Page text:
Yes, the LCD screen "face panel" can be replaced. However, note that this part is the most expensive part of the monitor. If your monitor is more than a year or two old, it may be difficult to find a replacement and it may be more cost effective to simply replace the whole monitor.
Otherwise, the only option is to buy a new unit; preferably one which does not feature a screen. I doubt you would be able to obtain a secondhand working screen panel for this model as a part. It's up to you where you go from here.
As I said, this is not a premium brand, it would be uneconomical, expensive and/or impossible to repair. A shame too, since Polaroid made great cameras and video gear many years ago.
Trying to find replacement parts for your model could be a task. LCDs are so inexpensive these days it would be cheaper to just replace it. Not sure if you have a Frys computer store nearby but I saw a 22" LCD for 129.00. Check your local electronics stores also. If you did find the part for your Gateway consider the cost and installation fees.
Price depends on model. It would probably be cheaper to replace the entire thing. But if you must you could (if you find a professional to do the work) buy a similar model and ask a professional to swap out the "monitors".
OK, thanks to hihai in another posting, I was able (finally) to get into my monitor. Use a wide, thin knife and insert it between the grey plastic and the black plastic at the top or bottom of the monitor. (its easier at the top or bottom as you can distinctly see the deliniation between the grey and black - on the sides it's all black and the fit of this bezel around the monitor is so tight it's really hard to get in to the crack to pry the thing off). At any rate, once you get your thin knife (I too used a butter knife) into that crack, gently slide it to one end or the other. There are tabs near each end and a couple in the middle - you'll feel a bit of resistance near each tab as you slide the knife. Position the knife close to one of the end tabs. Rotate the knife handle outwards away from the monitor effectively prying the bezel upwards away from the face of the monitor. As you pop each tab, work towards the opposite end of the same side of the monitor. Once you have both ends dislodged, inserting the knife to pry up the all black sides will be easier. Unfortunately once you have the top (or bottom) and both sides loose the remaining top (or bottom depending on which one you started with) becomes a bit tighter to get the knife into.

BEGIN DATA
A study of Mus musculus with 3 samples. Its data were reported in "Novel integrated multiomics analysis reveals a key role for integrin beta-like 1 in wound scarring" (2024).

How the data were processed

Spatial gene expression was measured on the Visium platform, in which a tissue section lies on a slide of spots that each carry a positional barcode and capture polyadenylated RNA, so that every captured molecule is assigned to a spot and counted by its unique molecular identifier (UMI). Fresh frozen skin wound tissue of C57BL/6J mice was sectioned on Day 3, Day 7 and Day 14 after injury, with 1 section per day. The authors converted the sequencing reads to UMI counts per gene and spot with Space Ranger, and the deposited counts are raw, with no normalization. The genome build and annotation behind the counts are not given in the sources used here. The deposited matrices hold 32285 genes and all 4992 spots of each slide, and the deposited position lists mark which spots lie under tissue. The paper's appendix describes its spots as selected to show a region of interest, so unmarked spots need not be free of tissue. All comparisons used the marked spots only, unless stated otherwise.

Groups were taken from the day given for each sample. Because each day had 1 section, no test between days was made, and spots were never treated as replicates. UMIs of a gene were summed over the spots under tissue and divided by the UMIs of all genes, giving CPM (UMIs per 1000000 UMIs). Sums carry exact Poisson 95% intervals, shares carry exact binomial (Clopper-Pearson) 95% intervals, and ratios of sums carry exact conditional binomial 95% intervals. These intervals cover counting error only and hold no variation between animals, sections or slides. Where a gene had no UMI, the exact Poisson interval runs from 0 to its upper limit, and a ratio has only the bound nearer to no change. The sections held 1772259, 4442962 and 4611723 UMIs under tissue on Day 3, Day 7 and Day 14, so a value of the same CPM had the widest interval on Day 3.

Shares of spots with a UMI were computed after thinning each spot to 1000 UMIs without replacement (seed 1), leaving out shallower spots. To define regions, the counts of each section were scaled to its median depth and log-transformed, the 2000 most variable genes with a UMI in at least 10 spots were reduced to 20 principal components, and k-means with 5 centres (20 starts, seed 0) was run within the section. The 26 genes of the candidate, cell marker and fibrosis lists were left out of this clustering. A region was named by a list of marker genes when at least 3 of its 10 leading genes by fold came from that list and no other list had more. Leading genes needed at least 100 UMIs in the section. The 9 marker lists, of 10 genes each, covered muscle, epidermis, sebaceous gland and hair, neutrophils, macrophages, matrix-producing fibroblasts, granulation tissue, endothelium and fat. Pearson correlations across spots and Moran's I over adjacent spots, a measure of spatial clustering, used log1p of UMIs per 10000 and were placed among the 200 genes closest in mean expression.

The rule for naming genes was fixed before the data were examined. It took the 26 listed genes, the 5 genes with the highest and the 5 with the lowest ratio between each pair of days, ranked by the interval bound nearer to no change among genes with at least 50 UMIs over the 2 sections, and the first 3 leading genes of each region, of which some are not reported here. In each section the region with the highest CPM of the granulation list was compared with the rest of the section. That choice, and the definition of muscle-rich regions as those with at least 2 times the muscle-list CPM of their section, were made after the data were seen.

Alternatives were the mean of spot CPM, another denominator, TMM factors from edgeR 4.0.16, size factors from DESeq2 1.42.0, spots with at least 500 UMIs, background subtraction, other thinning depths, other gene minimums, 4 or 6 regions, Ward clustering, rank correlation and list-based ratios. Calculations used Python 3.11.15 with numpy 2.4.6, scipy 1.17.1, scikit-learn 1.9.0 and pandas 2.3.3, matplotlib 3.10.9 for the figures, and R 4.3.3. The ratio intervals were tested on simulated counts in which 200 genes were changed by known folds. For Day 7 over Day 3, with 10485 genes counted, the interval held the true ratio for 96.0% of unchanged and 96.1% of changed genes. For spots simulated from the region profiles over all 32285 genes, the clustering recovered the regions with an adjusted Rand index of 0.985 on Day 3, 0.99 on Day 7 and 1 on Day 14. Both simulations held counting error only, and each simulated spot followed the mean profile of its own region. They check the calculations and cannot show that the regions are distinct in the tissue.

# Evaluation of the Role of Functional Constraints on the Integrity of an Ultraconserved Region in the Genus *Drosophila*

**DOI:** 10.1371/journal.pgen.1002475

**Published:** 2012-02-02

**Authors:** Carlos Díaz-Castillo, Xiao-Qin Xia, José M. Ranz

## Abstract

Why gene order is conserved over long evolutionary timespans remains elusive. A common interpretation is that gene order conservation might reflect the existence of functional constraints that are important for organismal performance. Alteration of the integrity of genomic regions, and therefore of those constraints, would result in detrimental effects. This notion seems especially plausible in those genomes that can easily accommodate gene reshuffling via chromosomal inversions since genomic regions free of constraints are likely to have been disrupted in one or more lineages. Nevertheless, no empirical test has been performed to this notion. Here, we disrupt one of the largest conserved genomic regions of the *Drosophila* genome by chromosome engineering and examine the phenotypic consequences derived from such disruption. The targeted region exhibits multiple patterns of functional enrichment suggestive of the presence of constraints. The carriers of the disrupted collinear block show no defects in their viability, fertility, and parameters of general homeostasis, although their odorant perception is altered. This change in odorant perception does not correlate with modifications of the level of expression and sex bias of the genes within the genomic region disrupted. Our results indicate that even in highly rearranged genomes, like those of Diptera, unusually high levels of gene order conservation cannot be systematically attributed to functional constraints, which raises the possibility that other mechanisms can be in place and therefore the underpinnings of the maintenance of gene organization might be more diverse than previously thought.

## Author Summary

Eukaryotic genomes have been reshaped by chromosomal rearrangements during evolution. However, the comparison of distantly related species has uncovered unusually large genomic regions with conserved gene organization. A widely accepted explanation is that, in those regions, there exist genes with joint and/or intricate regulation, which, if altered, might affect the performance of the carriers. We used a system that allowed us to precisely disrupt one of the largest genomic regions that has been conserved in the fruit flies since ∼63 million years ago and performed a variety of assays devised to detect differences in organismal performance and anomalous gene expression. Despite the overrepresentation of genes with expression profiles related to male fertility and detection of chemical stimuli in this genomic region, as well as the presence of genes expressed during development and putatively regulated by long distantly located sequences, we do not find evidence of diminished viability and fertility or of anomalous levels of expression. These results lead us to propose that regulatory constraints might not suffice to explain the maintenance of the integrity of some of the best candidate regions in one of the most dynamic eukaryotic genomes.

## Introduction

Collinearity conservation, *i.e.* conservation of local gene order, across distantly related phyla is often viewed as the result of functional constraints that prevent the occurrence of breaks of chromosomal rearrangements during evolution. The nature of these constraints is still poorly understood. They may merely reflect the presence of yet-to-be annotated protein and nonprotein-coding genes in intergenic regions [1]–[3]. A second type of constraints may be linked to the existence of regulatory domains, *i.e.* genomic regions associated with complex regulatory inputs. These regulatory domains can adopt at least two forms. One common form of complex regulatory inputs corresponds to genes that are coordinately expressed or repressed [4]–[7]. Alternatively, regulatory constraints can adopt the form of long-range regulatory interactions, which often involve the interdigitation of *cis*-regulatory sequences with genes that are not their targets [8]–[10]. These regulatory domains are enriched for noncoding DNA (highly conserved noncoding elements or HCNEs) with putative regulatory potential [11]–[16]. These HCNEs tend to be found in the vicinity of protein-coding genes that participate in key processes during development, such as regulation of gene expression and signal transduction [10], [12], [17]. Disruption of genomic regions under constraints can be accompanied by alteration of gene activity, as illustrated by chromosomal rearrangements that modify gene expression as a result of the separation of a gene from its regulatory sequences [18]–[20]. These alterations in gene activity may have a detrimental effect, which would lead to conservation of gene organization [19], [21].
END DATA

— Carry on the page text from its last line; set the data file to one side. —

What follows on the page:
Here's my word of caution. Be very gentle. While I was trying to find the way to get the bezel to come off I attempted to slide it in between the monitor face and the bezel itself and unfortunately cracked the glass face inside the monitor rendering it useless.
As for the power button, the button had worn down so much from use there simply was no travel left to push the contact on the switch board in the bezel. I tried a dab of hot glue on the inside of the power button to give it some more contact to the switch on the circuit board but didn't have enough. I was able to push the switch on the board with the circuit board removed from the bezel (with a tiny screwdriver not my fingers) and the monitor powered up fine. It was then I discovered the broken screen. Damn.
Touch screens are even more expensive that straight LCD panels. This repair may cost more than the original monitor. Why do you need another panel? Is the panel cracked or is the touch screen portion not working correctly?